CERC Declines To Give Relief To ReNew Wind Energy In Gujarat ISTS Project Case

Highlights :

The proposed wind project was planned in the Bhuj district of Gujarat with a capacity of 265MW.

CERC Declines To Give Relief To ReNew Wind Energy In Gujarat ISTS Project Case CIP to develop projects in India

In its latest order, the Central Electricity Regulatory Commission (CERC) declined to give any relief to the ReNew Wind Energy (TN) Private Limited in a case related to its proposed 265 MW of wind project in the Bhuj district of Gujarat. 

The wind energy developer had signed a Power Purchase Agreement (PPA) with the Solar Energy Corporation of India (SECI) for this project for wind power. It also signed agreements with the Power Grid Corporation of India (PGCIL) for transmission services. However, the project was marred with delays due to a sudden change of land allocation laws of the Gujarat government, followed by the COVID 19 pandemic. 

ReNew, in its petition before the CERC, had asked the Commission to consider declaring that the firm was entitled to terminate the PPA because of force majeure and impossibility. It also sought relief from the CERC to restrain the SECI and other concerned institutions from taking any adverse or coercive action against the firm because of the reasons that led to such a situation.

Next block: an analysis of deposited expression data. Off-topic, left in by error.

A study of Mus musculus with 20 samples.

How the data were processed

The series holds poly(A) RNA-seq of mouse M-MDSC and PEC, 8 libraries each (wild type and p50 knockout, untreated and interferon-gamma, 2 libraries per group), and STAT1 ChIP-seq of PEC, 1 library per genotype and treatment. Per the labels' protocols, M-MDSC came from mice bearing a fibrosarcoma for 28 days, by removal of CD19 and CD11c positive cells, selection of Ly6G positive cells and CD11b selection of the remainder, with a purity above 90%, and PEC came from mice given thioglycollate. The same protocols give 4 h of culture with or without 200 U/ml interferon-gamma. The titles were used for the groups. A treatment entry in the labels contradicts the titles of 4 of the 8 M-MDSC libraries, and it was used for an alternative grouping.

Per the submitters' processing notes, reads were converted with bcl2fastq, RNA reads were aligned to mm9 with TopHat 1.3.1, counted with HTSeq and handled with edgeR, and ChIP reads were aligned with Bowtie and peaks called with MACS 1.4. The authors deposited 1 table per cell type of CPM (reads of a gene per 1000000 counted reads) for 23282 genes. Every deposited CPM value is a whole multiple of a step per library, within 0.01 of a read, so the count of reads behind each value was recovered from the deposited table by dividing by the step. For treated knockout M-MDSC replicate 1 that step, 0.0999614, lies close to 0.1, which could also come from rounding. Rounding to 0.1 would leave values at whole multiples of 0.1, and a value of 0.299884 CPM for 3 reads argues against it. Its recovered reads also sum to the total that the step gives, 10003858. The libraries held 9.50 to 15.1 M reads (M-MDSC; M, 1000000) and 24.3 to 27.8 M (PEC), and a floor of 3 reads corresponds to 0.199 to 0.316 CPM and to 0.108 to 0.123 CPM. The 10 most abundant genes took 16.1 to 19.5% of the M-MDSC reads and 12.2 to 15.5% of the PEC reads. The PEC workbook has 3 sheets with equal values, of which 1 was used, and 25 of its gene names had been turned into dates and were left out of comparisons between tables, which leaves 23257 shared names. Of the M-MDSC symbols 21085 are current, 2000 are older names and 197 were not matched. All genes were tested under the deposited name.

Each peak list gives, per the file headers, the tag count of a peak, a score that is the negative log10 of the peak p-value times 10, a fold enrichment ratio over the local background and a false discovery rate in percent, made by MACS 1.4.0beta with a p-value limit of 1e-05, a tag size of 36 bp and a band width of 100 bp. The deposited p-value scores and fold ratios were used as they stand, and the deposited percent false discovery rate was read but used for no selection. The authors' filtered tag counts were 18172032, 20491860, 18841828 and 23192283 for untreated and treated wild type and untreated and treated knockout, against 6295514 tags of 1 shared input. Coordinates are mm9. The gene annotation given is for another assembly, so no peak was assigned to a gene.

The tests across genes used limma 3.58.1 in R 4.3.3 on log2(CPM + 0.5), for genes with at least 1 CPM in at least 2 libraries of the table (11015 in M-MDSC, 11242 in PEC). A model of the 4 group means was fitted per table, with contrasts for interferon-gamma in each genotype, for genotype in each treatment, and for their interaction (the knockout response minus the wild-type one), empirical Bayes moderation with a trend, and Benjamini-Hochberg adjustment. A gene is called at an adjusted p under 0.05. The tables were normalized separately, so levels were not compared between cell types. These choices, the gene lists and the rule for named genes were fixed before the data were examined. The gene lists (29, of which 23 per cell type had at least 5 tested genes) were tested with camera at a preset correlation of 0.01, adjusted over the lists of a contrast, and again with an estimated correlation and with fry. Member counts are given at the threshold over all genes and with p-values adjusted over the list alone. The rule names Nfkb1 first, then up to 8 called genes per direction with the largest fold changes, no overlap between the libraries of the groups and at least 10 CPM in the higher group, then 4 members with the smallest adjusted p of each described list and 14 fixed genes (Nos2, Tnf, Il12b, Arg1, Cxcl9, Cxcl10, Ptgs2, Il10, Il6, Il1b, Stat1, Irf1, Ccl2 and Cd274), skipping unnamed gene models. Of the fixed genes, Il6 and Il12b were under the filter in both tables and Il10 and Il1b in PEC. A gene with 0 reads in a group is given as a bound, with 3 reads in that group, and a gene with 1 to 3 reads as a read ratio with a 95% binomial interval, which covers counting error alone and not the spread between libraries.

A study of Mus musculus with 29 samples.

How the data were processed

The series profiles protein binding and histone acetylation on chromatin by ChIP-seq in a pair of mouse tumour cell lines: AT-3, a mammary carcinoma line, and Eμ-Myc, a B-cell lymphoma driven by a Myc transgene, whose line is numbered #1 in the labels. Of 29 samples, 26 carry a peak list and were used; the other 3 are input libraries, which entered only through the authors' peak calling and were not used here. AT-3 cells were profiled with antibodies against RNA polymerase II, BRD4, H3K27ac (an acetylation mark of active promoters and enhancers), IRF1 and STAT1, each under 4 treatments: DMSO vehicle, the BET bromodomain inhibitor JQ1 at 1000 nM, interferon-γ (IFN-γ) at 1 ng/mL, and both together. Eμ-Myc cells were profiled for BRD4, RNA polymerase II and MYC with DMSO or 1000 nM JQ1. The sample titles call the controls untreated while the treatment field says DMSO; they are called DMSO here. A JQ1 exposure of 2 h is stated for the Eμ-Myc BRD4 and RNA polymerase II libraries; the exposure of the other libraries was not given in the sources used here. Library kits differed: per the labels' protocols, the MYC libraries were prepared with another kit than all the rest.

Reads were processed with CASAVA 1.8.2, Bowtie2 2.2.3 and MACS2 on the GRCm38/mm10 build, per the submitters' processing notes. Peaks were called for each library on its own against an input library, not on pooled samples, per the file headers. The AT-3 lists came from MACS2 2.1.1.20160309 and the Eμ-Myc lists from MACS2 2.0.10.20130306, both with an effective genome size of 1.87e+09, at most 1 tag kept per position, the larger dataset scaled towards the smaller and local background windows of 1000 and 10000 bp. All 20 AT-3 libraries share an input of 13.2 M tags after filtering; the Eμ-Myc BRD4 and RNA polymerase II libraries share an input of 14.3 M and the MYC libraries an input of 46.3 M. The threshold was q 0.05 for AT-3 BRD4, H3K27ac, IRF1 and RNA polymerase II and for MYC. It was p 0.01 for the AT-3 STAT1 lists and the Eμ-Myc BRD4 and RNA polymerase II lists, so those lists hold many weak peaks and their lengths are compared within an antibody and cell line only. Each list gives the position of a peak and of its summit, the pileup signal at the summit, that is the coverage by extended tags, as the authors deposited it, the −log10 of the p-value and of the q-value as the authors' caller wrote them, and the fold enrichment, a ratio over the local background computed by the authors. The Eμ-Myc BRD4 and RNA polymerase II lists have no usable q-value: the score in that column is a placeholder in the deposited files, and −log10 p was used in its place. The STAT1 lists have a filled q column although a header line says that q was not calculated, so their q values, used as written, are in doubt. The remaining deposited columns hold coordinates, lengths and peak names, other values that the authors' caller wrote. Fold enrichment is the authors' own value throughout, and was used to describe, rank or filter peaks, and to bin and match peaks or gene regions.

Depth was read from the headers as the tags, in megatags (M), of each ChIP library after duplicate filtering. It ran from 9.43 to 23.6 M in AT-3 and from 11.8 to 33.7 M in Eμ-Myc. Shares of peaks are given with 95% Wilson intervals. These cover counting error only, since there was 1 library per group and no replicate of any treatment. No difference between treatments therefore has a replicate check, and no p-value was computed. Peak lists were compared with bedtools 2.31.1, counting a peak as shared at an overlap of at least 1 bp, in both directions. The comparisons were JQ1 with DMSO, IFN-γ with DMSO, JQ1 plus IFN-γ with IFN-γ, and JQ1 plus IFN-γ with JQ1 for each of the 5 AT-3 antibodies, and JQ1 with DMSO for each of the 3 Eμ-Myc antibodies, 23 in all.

ReNew, in its petition before the central authority, said that on June 1, 2018, SECI gave ReNew the Letter of Award for setting up the wind power project of 265MW in Bhuj district with a tariff of Rs 2.52 per KwH. 

However, on July 25, 2018, the Gujarat government wrote to all Collectors in the State of Gujarat stating that out of the applications received for land allotment for wind power projects, sanctions must be granted only for those bids which GUVNL has approved. The remaining should be kept pending till a policy decision is taken.

Moreover, on February 19, 2020, an order from the Ministry of Finance stated that disruption in the supply chain due to the spread of Covid-19 in China or any other country will be covered as a case of natural calamity and Force Majeure clause could be invoked in such cases. 

However, in its order, the Commission declined to give relief to ReNew, claiming that it did not choose other alternate ways. “We observe that the PPA was signed by the Petitioner with clear understanding of the implications of various provisions including those of force majeure. In some cases, options (for instance, leasing of Government land and alternatively leasing of private land) were available with the Petitioner to mitigate the alleged hardships, but it chose not to exhaust those options. In some others, reliefs were already extended by the Respondent (SECI). As such, the Commission finds no case to invoke Regulatory powers provided under Section 79 of the Act,” the CERC order said.

The order also said that ReNew failed to prove the occurrence of any Force Majeure event. “In view of the findings of the Commission…no relief is made out in favour of ReNew TN. Accordingly, Petitioner shall be liable to pay relinquishment charges in accordance with CERC Connectivity Regulations, 2009…” the CERC order said.